Tuesday, 7 June 2011

The kings of loving it

I’m a keen musician, and as long as I can remember I’ve loved music. I remember recording songs into my nan and grandad’s stereo. I’ve played guitar for the last 15 years, and I’ve got fairly good at it, I think…

I remember the pure joy of working out songs and playing along to them all night on a cheap guitar while I was at uni. The neighbours must have hated me!

I’ve not really done anything truly creative for a while though. Recently I recorded a couple of tunes that I played as an acoustic solo artist from around 2005-2007. They were pretty good and I want to do some more, but creatively there just didn’t seem to be the time to do it.

But I found another place to release my musical passion. A friend, Mr Simon Ball, arranges a regular tribute band night, the Allstars. Now, a few years back the very concept of tribute bands would have turned my stomach, but there’s something about this. It brings together some of the most talented musicians in Leicester to play songs that they love.

Over the past few years I’ve been lucky enough to play with some incredibly gifted musicians, and indulge some of my rockstar fantasies. I’ve covered Nirvana, Velvet Revolver, Feeder, Terrorvision, Alice in Chains and Pearl Jam. It’s made me realize how many sickeningly talented people there are out there, who can come together and put together a pretty damn good ‘tribute’ (gah! Hate the phrase) band in less than four practices.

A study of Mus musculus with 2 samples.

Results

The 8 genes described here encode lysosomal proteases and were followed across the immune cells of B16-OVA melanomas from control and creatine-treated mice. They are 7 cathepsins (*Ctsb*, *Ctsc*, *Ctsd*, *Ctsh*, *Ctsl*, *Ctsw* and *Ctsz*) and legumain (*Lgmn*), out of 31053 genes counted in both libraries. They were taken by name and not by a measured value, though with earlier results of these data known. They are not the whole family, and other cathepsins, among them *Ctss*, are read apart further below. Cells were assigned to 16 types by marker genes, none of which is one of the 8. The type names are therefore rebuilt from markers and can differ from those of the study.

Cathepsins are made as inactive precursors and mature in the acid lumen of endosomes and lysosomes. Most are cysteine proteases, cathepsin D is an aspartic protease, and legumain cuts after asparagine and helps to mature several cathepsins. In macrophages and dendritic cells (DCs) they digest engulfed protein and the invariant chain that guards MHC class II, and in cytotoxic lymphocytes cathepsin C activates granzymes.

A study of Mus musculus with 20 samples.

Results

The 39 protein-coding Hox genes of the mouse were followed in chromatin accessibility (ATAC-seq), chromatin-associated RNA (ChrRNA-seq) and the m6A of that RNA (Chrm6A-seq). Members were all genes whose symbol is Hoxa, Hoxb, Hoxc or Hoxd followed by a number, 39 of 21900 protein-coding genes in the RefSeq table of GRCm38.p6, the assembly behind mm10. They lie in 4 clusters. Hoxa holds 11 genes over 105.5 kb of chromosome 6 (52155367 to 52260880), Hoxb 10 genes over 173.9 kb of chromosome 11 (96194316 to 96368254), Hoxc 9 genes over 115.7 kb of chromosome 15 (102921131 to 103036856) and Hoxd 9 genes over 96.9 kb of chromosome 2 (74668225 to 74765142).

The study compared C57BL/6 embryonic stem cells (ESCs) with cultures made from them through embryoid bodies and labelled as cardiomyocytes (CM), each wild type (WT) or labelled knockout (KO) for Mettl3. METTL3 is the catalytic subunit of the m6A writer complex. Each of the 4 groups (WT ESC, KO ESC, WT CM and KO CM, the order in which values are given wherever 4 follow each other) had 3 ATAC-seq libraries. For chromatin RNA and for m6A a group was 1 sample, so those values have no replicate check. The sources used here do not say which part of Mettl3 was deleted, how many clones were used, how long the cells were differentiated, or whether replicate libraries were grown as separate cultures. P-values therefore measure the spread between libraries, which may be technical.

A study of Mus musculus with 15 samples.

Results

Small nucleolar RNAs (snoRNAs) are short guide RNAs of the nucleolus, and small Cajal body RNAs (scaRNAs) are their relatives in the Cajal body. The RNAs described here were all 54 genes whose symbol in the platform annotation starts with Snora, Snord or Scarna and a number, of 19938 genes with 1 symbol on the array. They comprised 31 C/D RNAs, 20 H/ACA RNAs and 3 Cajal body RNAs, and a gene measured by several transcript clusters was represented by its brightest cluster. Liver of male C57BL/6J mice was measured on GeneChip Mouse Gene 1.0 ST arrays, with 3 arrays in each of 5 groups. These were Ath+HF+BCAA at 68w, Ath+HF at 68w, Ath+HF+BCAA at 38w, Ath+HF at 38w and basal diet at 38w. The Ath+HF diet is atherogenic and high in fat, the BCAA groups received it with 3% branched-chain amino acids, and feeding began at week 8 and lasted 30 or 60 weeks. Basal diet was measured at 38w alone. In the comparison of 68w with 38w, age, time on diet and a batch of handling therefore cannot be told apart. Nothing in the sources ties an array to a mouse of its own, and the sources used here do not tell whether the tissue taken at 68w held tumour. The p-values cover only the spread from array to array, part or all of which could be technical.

I’ve also realized a couple of personal ‘do it before you dies’, in playing a full hours worth of Metallica, which plain rocked out. A friend coined us “the kings of loving it” due to the sheer joy we seemed to have being onstage. 

I also helped organize and played a full tribute to Kyuss and Queens of the Stone Age, which though it was at the other end of the scale technically, for the sheer unadulterated blast of noise, it almost surpassed the Metallica one.

I think the reason these nights work so well, is that there’s no pretence, no bullshit. Other tribute bands might get paid. We don’t. We do it for the sheer love of music, and the enjoyment of performing to people who want to rock out. Think of it as a live jukebox. Oh… And it’s free.

I guess the thing is, that it’s the closest thing I’ve found to the childish fun of recording nursery rhymes on your nan and grandad’s stereo. And that’s what ‘loving it’ is all about.


  1. love it. you should write copy for a living man :P

  2. Funny you should say that!

  3. The sheer love of music is spot on. The only stress is about putting on a show and everyone's in it together on the same mission.